If you watch fishing shows on television, you know that even good anglers lose fish. Some of the best anglers in the World lose fish. If they didn’t, they’d probably give up fishing. After all, it’s the chase and the primal instinct of man vs. beast that drives most of us to want to keep fishing, even after punishing days on the water.
Friend and fellow Minnesota guide Jason Freed of Leisure Outdoor Adventures always talks about a fish he lost while scouting a new area on the massive body of water known as Leech Lake. He was ice fishing for perch, and a few were iced, but overall the day was pretty slow. Then he set the hook on what felt like a rock. After a lengthy battle, he looked down the hole and saw the largest walleye he’s ever seen swimming below.
Like most people would, he became overly excited and began to play the fish a little more gingerly. After the fish took a couple of runs, he knew that his gear couldn’t hold up much longer. The fish presented an opportunity to be grabbed, and Jason reach his arm down into the hole and the fish came unhooked. No line breaks, no knot failure, just a good old-fashioned hook coming lose. He watch the fish swim away in the clear water, utterly heartbroken.
Jason never did think that spot was good for perch, and quickly wrote it off. He did however mark it on his GPS with one simple word, “SUMO”. Jason visits the spot each year, at least once, hoping for a similar story with a different ending.
There are several things that play into the demise of what would’ve been the largest walleye of Jason’s life.
First of all, the one thing we can’t control… excitement. While I’d like to tell you to stay calm, it’s inevitable that you’re going to get excited when you hook a big fish. Excitement causes us to do things differently, and can often be our biggest mistake.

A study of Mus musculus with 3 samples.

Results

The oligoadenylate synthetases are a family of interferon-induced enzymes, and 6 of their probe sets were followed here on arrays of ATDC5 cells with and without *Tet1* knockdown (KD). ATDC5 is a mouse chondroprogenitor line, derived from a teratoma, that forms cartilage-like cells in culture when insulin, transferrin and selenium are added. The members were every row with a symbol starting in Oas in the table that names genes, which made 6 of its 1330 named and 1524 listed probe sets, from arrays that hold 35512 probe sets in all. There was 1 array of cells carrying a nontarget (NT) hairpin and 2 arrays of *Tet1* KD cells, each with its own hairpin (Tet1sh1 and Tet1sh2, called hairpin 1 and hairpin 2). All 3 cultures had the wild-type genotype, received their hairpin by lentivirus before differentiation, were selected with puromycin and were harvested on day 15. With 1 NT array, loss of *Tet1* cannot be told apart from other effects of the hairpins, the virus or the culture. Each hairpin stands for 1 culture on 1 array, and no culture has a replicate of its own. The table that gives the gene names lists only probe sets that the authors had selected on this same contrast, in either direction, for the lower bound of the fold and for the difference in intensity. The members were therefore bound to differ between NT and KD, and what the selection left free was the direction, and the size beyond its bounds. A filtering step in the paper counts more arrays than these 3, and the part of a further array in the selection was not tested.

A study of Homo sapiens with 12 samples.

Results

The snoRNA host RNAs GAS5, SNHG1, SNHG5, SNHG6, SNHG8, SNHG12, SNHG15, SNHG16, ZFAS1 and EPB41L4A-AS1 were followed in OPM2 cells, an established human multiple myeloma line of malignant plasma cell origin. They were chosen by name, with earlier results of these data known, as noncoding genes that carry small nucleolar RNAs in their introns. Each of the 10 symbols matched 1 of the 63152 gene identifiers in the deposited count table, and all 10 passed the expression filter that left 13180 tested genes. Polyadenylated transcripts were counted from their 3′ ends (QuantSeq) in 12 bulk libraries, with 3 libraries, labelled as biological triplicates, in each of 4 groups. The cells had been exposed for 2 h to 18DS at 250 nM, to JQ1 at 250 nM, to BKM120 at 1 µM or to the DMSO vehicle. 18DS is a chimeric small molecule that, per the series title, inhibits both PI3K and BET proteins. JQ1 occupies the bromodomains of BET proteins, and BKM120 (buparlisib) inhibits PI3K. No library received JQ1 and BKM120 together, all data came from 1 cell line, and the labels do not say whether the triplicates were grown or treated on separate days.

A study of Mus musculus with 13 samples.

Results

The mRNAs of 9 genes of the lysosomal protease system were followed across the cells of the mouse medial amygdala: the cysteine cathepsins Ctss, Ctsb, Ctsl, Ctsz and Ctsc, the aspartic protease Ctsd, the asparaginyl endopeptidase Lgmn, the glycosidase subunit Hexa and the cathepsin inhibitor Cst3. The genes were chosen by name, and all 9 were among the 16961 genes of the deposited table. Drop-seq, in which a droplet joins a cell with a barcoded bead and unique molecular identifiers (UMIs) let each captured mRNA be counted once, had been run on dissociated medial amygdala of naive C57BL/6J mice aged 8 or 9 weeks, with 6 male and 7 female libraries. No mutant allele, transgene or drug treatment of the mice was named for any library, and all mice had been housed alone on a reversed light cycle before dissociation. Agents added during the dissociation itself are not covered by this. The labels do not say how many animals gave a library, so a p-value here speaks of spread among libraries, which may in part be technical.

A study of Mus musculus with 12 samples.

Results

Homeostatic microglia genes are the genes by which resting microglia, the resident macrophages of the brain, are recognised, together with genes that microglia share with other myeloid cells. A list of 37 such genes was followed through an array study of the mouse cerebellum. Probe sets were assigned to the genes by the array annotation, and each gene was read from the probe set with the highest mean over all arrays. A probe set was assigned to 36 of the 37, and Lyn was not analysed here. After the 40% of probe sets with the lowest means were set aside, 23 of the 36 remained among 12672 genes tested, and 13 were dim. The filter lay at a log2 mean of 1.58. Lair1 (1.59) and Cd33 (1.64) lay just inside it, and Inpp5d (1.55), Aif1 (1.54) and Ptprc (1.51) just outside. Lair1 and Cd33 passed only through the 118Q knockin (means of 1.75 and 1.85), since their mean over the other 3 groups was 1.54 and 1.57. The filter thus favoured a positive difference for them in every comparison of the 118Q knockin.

Next is size. As walleyes and many other species of fish age, their mouths become thicker and the tissue in their mouths becomes much harder. There’s a reason why there are so many stories floating around about giant fish being lost. Not only do they fight harder, but they are harder to hook as well.
The final lesson is this. Sometimes we’re meant to lose big fish. Every time Jason tells the story of that fish (and trust me, he tells it often) I can see the fire in his eyes. It’s like he wants to get back to that very spot at that very moment to try to redeem himself. He even stated, “When I’m on a tough bite, or I’m losing hope, that fish keeps me going. That fish is why I wake up in the morning and hit the water.”
Regardless of where you’re fishing, how good your odds are, and how good your equipment is, it still comes down to man vs. fish. Someone is going to win, and someone is going to lose. Just remember, losing from time-to-time isn’t always a bad thing…
This is just one example of a heartbreaker. And the ways to avoid a sob story like the one outlined above are just the tip of the iceberg. Over the last 6 months I’ve compiled a large list of funny stories, truly heartbreaking stories, and complex situations where fish were lost due to various reasons. Be sure to stop back and read more examples and learn from other anglers’ mistakes.